TMR bows to OQLF pressure
By Diodora Bucur and Joel Goldenberg, The Suburban
The Town of Mount Royal has obeyed a demand by Quebec’s language police and has covered up the English on its bilingual street signs.
Recently, every street sign in T.M.R. had the English part painted black despite the town’s bilingual status.
Mayor Vera Danyluk says the signs were covered up in response to a warning two months ago from the Office québécois de la langue française (OQLF), one in a series of threats over the last 17 years by the OQLF to take legal action if the English wasn’t removed.
“We received a court order saying that if we didn’t take them off we would have to go to court and pay a fine that would have been determined by the courts,” said Danyluk, who admitted the decision angered a number of T.M.R. residents. “People think we should fight it. I know it’s irritating, it’s disturbing to citizens... But the language debate is over. It was such a waste of time, energy and money — and our young people are all bilingual or trilingual.”
Danyluk said the council ruled out the possibility of changing the signs because that would have cost taxpayers about $50,000.
“We have bilingual status, but for outdoor signs we still have to be in conformity with the language laws, which means we could have only French or if we put English it has to be half the size of French,” she continued. “We figured it’s not worth it to start changing all the signs, so the only alternative was to paint out the English version and just leave the French version.”
However, Danyluk downplayed suggestions her council’s move sets a precedent. “They can’t use us as a precedent, they can only use the law as legal basis.”
Côte St. Luc Mayor Anthony Housefather, and former president of English-rights group Alliance Quebec, says his city received its last legal warning in 2002 but did not heed their demand.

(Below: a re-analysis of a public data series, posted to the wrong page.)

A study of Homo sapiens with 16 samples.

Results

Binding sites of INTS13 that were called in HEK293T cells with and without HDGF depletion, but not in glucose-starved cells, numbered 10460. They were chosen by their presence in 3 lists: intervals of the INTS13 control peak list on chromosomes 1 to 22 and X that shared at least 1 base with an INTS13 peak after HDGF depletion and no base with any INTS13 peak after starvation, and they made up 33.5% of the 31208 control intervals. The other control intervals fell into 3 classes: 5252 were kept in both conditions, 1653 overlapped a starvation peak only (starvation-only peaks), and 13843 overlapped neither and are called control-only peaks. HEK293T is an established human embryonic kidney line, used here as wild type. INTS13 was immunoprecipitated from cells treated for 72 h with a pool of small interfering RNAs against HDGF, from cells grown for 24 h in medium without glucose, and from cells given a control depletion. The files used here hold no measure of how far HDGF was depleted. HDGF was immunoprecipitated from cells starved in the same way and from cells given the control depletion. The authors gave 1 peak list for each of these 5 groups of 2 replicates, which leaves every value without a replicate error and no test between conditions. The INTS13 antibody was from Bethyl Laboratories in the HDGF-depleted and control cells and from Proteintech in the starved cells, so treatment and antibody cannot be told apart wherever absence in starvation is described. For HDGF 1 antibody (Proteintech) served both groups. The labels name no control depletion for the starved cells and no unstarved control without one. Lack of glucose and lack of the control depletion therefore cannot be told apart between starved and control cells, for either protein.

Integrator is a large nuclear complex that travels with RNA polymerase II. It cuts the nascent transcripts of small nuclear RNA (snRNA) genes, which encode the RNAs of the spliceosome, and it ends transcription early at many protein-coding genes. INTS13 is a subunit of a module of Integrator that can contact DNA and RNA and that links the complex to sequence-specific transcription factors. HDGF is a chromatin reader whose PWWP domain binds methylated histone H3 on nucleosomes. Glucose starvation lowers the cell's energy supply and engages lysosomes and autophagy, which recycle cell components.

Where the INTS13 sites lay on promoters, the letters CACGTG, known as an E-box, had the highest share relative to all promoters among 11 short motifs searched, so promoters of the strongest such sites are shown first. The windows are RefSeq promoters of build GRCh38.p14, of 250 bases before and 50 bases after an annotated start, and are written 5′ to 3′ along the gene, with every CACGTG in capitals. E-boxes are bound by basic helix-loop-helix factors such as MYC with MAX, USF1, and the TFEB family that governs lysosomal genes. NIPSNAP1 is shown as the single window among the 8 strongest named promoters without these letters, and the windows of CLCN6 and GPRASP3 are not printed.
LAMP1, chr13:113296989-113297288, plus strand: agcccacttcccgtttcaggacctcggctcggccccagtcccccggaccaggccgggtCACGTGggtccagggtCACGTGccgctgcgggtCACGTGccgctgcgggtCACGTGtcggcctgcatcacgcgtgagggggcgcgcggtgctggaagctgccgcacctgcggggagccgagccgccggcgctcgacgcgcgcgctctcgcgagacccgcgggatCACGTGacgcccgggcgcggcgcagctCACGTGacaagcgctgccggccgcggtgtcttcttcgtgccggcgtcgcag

“We never heard from them again.”
Housefather, a lawyer by profession, disagreed with the interpretation of the law that English on street signs must be smaller than French.
“The French being predominant is not ‘marked predominance’. In the case of commercial [signs], there’s a requirement for marked predominance, which means the French has to be bigger than the English, or the French has to be mentioned more often.
“In the case of municipalities or hospitals, there’s not that requirement. The only requirement is that the French be predominant, which could easily be interpreted as French being to the left, or above, the English. If that interpretation [T.M.R. is using] is true, then all of the signs we have in our hospitals — the Jewish General, Montreal Children’s, St. Mary’s — would also all be wrong, because that’s the way they do their signs and that’s the way Hampstead, Côte St. Luc and other cities do their signs.”
Former T.M.R. councillor Sidney Margles, now a Côte St. Luc resident, was surprised at the town’s action.
“It’s regrettable, because I always understood that the town was a bilingual community, and as such, was entitled to have bilingual signs as is the case in a number of other island suburbs,” he said.
Margles said that during his time on council, there were a couple of instances in which the OQLF demanded T.M.R. change its street signs.
“Those requests were rejected at the time, because we were considered a bilingual community. We did not receive any [further demands].”
Wednesday, July 05, 2006
We broke the story last week and today The Suburban weekly newspaper is covering the authorized vandalism of TMR street signs. Read the article here or see below.